Stars Gain A Point, But Their Overtime Nightmare Continues Against The Predators

They’ve earned five of six available points since Thursday. But their inability to put the Preds away could haunt them.

To twist an old cliché, the Dallas Stars don’t need to run as fast as the Tampa Bay Lightning, or even the Carolina Hurricanes. They just need to run faster than the Nashville Predators.

With the Stanley Cup playoffs race tightening up, the Victory Green Gang needed to take advantage of every matchup that could swing the competition in their favor. But even with three games in hand, a punishing schedule and persistent injuries have had the Stars running out of road. Can they take advantage of the Predators’ own injury woes in at least one of their last two head-to-head contests?

The short answer is, not tonight. The long answer will have to wait.

First Period

Two tired and tetchy teams spent nearly five minutes trading hits – 29 of them, by the end of the frame – and takeaways to open the game. Then, at 4:56, came this videogame hero. Roope Hintz drew first blood with his 13th goal of the season, sniping in this one-timer off a beautifully timed pass from John Klingberg.

The lead was not to last the period, however. Ryan Ellis tied the game six minutes later with a wrister from the blueline, assisted by Luke Kunin, that bounced off the pipe and made it past a screened Anton Khudobin.

It also didn’t take long for the well-documented hatred between these teams to boil over. Specifically, it happened after Blake Comeau threw this hit on Mattias Ekholm.

Viktor Arvidsson went to take up for his guy, and Andrew Cogliano obliged him with fisticuffs, which landed both of them in the sin bin for five minutes of four-on-four hockey. Khudobin helped keep the game level with a key save on Ekholm.

There were three hits in the last 15 seconds of this period, two of them involving Cogliano and the other involving Comeau. And so the period ended pretty much how it began.

Shots on goal:

DAL – 9

NSH – 8

Second Period

This period, the Preds got to open their account first. Yakov Trenin scored his fourth of the season at 2:09 from an assist by Colton Sissons.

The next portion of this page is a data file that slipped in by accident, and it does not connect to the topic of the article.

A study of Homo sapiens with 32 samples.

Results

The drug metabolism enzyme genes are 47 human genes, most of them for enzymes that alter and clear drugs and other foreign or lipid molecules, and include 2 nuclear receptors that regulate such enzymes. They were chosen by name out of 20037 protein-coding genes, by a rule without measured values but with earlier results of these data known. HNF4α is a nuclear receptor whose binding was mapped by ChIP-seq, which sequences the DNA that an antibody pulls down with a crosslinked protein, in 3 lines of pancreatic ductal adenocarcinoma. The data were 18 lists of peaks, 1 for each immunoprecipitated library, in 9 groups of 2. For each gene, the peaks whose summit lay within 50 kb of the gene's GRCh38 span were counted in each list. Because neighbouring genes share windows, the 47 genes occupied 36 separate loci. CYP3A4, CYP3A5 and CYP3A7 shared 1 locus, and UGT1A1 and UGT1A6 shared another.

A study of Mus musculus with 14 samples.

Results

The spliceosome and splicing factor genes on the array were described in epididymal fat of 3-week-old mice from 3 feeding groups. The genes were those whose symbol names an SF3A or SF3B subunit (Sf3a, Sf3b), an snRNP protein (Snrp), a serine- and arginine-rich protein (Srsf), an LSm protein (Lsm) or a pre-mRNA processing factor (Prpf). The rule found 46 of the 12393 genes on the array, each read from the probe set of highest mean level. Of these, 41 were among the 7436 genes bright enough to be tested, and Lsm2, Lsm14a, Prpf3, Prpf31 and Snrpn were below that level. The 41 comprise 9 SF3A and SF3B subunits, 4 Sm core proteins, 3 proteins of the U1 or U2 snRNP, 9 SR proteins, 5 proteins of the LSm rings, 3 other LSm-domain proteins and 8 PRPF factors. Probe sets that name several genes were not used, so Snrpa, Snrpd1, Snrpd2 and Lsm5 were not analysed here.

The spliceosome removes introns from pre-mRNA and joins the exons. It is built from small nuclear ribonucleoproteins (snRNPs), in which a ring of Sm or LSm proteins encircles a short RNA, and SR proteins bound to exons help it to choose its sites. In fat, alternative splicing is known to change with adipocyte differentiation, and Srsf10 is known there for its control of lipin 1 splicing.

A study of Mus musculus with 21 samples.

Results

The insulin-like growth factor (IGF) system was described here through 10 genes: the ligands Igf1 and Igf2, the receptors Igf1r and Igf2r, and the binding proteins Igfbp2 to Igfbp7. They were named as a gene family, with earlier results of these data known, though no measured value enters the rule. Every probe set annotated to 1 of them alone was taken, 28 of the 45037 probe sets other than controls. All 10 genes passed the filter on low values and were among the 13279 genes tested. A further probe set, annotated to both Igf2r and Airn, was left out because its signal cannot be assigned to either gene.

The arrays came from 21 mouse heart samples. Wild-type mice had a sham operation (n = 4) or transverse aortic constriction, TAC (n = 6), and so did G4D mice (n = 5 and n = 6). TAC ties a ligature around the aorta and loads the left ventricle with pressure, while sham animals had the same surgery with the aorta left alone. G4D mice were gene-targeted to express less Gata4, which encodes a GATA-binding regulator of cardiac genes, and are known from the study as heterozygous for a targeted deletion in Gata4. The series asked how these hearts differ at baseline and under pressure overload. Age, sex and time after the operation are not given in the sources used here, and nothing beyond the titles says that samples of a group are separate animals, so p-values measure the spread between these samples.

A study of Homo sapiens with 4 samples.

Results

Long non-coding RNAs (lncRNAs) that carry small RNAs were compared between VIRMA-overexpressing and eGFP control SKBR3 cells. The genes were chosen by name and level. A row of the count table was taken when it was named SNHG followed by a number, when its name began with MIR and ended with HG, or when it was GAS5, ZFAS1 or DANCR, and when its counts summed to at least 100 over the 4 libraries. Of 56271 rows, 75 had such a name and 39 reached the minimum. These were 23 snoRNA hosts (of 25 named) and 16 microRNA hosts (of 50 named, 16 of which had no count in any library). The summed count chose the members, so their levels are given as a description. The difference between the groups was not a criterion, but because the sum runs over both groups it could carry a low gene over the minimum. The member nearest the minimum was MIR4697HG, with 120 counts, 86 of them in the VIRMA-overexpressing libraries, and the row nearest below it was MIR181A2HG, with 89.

The next 10 minutes were mostly notable for the shots that didn’t go in. Roman Josi earned the first non-offsetting penalty of the game for tripping Andrew Cogliano, but the Stars’ lack of energy told on them and the power play ended with nothing to show for it.

But the Jamie Oleksiak penalty that followed, for holding on Rocco Grimaldi, brought down chaos all of a sudden and all at once. Andrej Sekera stopped an Arvidsson one-timer with his ankle and had to hobble off the ice, even as Cogliano had to head for the bench due to a lost helmet. They managed to kill the Nashville power play, with some help from a badly missed shot by Calle Jarnkrok. They also managed to draw another penalty after Trenin got caught cross-checking Oleksiak.

Unfortunately, they had to work their second power play without help from their most reliable weapon. John Klingberg left the ice to get stitches in his chin after catching a high stick, and it’s a bit of a shame that there was no penalty on that. The 4 -and-1 formation brought some energy but still weren’t able to convert, and another power play chance came up empty.

Oleksiak took matters into his own hands in the final moments of the period. It seemed fitting that after such an active frame, the Big Rig added the final exclamation point, picking up a feed from Hintz and scoring on a stunning coast-to-coast trip with 1:04 left.

Khudobin denied the Predators a last chance to go to the dressing room with a lead by robbing Ryan Johansen with six seconds left before intermission.

Shots on goal:

DAL – 7 (16 total)

NSH – 5 (13 total)

Third Period

We should probably learn to expect that important Stars-Preds game will be decided in overtime. Klingberg returned in the third, with fresh embroidery, but ominously, Sekera did not. This left the Stars playing five defenders at a moment when they were pouring out everything they had to win the game in regulation.

The Stars soon gained an enormous advantage in shots on goal, but none of them found twine. One more big opportunity came at 14:37 when Josi took his second penalty of the game, this time for hooking Denis Gurianov – but once again the power play couldn’t make it through Juuse Saros.

A late icing call gave the Predators a faceoff in front of the Stars’ net, but the set play fell apart when Khudobin sat on the puck and stopped it cold. A second attempt came up short, and regulation ended on the tie.

Shots on goal:

DAL – 9 (25 total)

NSH – 4 (17 total)


This is one of those situations where you can see the way injuries as well as back-to-back games have depleted both these rosters. There were a few attempts, but none of them were successful, and so the game would end in a skills competition.

Shots on goal:

DAL – 1 (26 total)

NSH – 3 (20 total)


Dallas didn’t miss for lack of trying. Jason Robertson, Joe Pavelski and Hintz all took their chances, but Ryan Johansen’s opening shot would turn out to be the game-winner. And so the Stars’ OT nightmare continues.

To wrap up: The Stars gained only one point on their closest rivals. That said, they did gain a point. Moreover, they’ve taken five of six out of their last three games before the NHL trade deadline. Can they sustain that pace over their remaining 11 games in April? We’ll soon find out.